Applying validation to topic models is an essential and advisable practice to ensure the entire proliferation yields productive and useful results. One link gone wrong can defeat the very purpose of topic modelling, otherwise.
Topic modelling is a technique that, using various Python-based packages, automates the interpretation of the text to identify the various topics being discussed in a given set of information or text. In a business scenario, this technique promises to find maximum value for enterprises that receive tons of customer reviews or feedback. Finding common patterns within those reviews can effectively help them form their next business strategy for delivering better customer experiences and enduring sustenance. However, when the data input is huge and assorted, do you think, doing this manually could be a possibility?
This is where these Python Packages help in identification of the commonest and prominent topics being discussed in the entire data file – that combines all the reviews, for instance. This automation is called Topic Modelling. Now, the topic obtained must be validated to ensure the packages are successfully delivering accurate results. Here comes the need for Validation.
Validation is a process or practice that works best for semi-supervised topic modelling results. It is supposed to add value for researchers who join in new or need further sanity on the topics selected. This need is governed by their real purpose behind performing topic modelling. For instance, if a user wants to identify the topic and write something on this further, it is critical that he refines the topic first.
The algorithm used most commonly for the validation or interpretation of topic models entails a CorEx framework. It makes use of anchor words to map them on top of the source file and hence, effectively identify the key concepts.
Also called cross-validation, this method effectively helps determine how many relevant topics are included in a corpus of documents.
This one comes as a subsequent step for validation. This is more like a macro-analysis of the topics derived through the modelling. Right after the validation of the topic models, you perform an interpretation of how many of them can actually be put to use. This exercise is not an easy undertaking. It entails the excellence of the human brain because you now need to make sense out of different words in the data – which may or may not have a similar meaning. So, you need to connect the dots with a far more legitimate knowledge of the context.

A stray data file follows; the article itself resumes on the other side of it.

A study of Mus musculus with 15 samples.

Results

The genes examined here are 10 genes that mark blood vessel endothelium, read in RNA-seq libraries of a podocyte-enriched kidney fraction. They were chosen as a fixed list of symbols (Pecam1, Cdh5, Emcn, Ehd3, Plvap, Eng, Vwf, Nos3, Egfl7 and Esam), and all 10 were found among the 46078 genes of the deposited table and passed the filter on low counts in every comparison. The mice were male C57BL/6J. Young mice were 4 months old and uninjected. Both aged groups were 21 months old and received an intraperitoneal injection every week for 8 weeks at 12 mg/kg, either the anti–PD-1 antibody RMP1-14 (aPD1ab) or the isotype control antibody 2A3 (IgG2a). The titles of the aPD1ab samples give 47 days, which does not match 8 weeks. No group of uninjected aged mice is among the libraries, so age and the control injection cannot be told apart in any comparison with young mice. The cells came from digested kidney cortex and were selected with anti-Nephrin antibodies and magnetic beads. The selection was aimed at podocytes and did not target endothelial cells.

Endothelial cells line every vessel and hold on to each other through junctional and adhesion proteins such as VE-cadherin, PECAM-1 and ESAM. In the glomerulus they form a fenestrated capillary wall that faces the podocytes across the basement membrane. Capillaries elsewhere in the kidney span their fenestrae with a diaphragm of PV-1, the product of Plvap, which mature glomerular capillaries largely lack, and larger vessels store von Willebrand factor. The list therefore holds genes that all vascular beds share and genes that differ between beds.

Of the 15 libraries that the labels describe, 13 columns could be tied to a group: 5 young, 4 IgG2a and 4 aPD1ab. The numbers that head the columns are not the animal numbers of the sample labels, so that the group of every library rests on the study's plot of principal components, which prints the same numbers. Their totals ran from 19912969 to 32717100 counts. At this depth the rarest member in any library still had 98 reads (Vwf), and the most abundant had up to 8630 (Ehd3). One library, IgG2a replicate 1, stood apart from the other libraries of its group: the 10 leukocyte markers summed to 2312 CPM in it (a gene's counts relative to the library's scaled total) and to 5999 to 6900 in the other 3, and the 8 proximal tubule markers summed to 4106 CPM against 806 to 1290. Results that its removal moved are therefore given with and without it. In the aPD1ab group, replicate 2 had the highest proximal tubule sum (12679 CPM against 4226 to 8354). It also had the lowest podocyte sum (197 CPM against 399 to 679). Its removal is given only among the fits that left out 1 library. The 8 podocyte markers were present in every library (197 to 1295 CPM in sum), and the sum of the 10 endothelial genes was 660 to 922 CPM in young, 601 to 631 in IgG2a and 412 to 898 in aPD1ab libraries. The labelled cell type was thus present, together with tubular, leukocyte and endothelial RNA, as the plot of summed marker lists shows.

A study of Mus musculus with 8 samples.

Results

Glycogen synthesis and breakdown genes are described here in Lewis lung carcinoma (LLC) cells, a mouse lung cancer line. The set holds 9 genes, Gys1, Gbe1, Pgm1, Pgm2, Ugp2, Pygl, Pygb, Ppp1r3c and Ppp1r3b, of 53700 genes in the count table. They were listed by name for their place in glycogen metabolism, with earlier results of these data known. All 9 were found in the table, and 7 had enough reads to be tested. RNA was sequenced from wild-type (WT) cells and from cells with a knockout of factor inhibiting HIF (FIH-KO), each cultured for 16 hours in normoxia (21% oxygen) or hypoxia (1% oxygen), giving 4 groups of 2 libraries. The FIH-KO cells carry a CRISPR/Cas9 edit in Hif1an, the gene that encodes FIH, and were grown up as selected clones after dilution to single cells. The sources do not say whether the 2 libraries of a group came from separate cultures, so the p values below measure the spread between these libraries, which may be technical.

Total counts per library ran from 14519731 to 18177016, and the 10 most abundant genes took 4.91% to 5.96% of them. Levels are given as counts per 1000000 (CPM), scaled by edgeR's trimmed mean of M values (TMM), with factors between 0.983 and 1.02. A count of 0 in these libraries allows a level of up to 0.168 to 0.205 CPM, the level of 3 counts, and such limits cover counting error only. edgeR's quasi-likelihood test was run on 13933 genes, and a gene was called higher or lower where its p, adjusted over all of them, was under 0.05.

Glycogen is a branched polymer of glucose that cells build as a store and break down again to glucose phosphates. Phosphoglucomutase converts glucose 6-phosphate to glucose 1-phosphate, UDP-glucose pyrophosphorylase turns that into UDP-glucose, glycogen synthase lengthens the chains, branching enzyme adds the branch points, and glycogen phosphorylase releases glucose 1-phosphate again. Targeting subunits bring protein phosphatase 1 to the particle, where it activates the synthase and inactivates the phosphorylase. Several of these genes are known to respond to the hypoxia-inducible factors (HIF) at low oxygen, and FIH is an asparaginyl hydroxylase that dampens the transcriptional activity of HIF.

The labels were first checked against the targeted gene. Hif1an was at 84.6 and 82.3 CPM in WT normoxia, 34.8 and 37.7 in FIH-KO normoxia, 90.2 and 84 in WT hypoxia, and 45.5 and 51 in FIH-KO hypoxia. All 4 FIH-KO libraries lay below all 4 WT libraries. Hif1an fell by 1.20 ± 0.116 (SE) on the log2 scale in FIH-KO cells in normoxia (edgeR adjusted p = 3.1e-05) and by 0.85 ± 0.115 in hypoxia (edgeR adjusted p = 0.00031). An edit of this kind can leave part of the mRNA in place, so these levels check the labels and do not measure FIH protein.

As engineers, we must admit that topic modelling is, after all, an exercise performed by a machine or tool, and hence, it cannot replicate or compensate for the efficiency of a human brain. It works against certain logics which may be too rigid and robotic, unlike a human brain – that can qualify a logic in real-time to derive better results. With this limitation in machines, there remain possibilities of overcooking in topic models. It may end up overlooking the redundancy and put together similar-looking or similar meaning words under one token – overarching the scope of topic identification.
However, a deeper analysis of overcooked topics may sometimes add value too. For instance, food and foodie can be two different connotations. But they look similar at the outset. Now, during the validation and interpretation, you will likely become more aware of the inter-relation and see these are two different topics under one umbrella. You can talk about healthy food and also mention the ill-habits or risk of being a foodie.
No topic will make any sense to anyone performing topic modelling until the context of the topic is fully derived. Everything is verbose until we know the significance – why are we talking or writing about it. This is a limitation with topic modelling at present. The content of topics cannot yet be derived in the present form. However, with effective validation and interpretation, this part can be covered.
You do that by first identifying the anchor words of topics and putting them together at once place. Now, you segregate them as per the results obtained in the package-based topic modelling.
Right after that, you begin to look through the context of all the anchor words and derive one or two topics out of it. If we circle back to the example of food and foodie, we can clearly see that ultimately, we are directing towards the need for healthy food and the disadvantages of being a foodie. Now, the same set of anchor words, if you look through a hawk’s eye, can find multiple contextual topics through them. When you see multiple references to money, you can steer it to savings, wealth management, abundance, income sources, etc.
So, validation demands a practice too. Strategists must be consulted for the purpose of validation.
Applying validations to topic models is a highly effective and advisable practice for serving the end purpose of topic modelling – deriving meaningful insights. It can be done using the help of strategists. However, it underlines or rather, questions the efficacy of the topic modelling packages in determining the relevant and countable number of topics in a document corpus.
Engineers need to pull up their socks and add more value to the topic modelling methods – in such a way that the validation becomes an integral automated part of the process – rather than calling out for manual interpretations.
If you would like to add anything, your comments and suggestions are welcome. If you have questions, rather, we’d be glad to address them. Connect with us through the comments section below.